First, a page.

MONTPELIER, Vt. –
It’s a topic that’s spreading rapidly across the nation– bringing the marijuana black market into the light.
“I think the first thing we need to figure out is do we want to go down this road at all,” Vt. Administration Secretary Jeb Spaulding said.
The legalization of marijuana for recreational use in Vermont is a hot topic. Now, the state is bringing in Rand Corporation to research what that could mean if policymakers decided to move forward.
“I think it’s a huge help to us and really the question for us is what does it mean financially? What does it mean in terms of health impact? What does it mean in terms of quality of life? What would the implications be for Vermont?” Spaulding said.
“The first section is going to assess the marijuana landscape in Vermont, providing information about total consumption, information about the criminal justice resources that are being spent when it comes to marijuana,” said Beau Kilmer of the Rand Corporation.
The study will also explore marijuana policy options, consequences and how other states have adapted.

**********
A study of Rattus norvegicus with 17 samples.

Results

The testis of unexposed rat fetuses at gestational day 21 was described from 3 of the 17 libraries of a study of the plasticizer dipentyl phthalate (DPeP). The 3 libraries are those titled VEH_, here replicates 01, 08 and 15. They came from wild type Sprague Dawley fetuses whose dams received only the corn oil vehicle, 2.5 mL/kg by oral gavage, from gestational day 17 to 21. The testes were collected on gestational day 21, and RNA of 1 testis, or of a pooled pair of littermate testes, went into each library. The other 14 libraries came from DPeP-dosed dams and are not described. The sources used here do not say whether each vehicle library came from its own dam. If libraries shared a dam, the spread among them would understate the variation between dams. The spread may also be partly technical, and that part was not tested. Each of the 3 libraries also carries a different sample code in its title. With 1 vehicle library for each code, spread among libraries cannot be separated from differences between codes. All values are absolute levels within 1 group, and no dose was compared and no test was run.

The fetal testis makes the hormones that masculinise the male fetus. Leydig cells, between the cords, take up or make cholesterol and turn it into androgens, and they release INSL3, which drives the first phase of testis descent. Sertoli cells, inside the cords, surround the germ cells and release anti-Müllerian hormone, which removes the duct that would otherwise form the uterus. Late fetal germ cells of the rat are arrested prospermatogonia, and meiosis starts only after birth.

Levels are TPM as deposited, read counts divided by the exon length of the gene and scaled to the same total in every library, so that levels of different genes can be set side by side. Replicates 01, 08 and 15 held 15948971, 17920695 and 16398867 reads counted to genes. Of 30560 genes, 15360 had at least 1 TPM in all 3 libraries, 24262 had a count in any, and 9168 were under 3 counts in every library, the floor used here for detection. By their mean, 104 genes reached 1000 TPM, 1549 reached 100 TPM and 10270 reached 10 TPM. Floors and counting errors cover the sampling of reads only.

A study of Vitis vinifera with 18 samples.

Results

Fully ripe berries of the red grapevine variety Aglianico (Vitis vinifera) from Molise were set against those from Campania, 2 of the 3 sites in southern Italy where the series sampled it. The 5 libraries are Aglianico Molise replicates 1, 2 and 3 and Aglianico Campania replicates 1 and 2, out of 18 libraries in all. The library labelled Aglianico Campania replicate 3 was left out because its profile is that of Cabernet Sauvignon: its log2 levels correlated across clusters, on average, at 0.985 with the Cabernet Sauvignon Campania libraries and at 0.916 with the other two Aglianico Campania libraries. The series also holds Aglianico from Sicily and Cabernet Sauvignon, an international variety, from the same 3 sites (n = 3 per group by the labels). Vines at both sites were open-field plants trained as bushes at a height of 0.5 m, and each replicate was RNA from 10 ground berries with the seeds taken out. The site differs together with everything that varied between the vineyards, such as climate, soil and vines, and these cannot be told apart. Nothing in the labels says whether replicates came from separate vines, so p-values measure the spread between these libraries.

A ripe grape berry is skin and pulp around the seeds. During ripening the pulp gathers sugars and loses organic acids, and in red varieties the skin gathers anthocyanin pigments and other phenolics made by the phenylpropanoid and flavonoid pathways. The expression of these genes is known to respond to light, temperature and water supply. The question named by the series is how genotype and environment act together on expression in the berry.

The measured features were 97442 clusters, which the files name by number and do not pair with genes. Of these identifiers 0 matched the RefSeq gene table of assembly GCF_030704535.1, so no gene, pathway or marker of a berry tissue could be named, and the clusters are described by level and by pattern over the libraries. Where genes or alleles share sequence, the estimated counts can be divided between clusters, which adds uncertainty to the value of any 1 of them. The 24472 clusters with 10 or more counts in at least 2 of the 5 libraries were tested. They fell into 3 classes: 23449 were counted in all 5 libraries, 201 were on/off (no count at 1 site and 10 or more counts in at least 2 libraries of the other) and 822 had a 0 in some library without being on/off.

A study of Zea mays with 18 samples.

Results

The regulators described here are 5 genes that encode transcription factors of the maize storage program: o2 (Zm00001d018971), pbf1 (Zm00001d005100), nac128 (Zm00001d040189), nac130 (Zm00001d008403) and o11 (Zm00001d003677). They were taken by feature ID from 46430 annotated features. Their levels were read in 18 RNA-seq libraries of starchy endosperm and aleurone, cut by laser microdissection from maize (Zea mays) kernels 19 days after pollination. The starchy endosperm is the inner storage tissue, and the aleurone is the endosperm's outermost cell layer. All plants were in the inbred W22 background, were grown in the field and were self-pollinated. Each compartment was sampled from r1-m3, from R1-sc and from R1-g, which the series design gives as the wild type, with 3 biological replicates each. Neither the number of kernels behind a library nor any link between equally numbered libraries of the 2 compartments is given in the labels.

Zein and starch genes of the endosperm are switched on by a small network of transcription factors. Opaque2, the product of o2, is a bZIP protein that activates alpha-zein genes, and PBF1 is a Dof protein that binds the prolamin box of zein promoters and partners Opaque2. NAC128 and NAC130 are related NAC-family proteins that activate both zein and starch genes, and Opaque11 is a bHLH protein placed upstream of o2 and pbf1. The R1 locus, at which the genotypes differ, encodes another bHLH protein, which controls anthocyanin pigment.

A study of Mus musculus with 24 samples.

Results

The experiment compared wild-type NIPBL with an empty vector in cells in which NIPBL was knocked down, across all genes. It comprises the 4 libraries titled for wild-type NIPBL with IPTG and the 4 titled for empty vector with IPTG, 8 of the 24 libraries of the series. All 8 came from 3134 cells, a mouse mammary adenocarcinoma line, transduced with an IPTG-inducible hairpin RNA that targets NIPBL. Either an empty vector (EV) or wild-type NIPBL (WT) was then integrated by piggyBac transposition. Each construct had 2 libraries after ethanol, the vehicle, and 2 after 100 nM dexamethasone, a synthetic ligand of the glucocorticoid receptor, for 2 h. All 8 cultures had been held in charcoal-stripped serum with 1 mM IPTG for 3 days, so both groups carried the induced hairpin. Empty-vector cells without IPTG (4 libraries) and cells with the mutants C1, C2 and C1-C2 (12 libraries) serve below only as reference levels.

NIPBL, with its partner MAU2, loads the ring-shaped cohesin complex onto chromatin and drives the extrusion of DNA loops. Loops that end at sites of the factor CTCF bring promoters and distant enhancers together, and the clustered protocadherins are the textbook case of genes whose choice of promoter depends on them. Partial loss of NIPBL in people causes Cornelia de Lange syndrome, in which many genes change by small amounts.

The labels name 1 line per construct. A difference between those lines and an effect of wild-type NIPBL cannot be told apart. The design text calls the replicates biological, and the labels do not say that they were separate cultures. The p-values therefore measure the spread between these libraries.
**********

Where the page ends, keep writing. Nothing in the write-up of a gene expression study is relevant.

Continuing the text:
“I imagine we’ll be getting information from some of the health agencies, and also law enforcement agencies in the state to make sure that we’re getting really good information, as current as possible too for the state of Vermont,” Kilmer said.
The state will shell out $20,000 for the study. Rand Corporation has also received a grant from Good Ventures Foundation for $100,000. The report will be complete by Jan. 15, just in time for the legislative session.
Sen. David Zuckerman says he hopes this will help him in his efforts to introduce a marijuana regulation and legalization bill next year.
“It’s very clear that the current policy is failing and so really to me any information that we can learn better ways to regulate it, estimating what the revenue might be, I think are good bits of information,” said Zuckerman, P-Chittenden County.
There are plenty of issues looming around the idea– how it would be sold, taxing and access to children, along with many more questions.
“I understand that the law enforcement community is very nervous about it, but we may be able to learn something on how this is playing out in Washington and Colorado that may confirm those concerns or minimize those concerns,” Spaulding said.
And for policymakers, it’s a step that will give them the tools to argue their side of legalization.
“I think it’s much more wise as a state to bring it out in the open, regulate it appropriately, make sure it’s only used by adults,” Zuckerman said.
The study will be from an objective point of view. Rand Corporation will do the bulk of their research in the fall.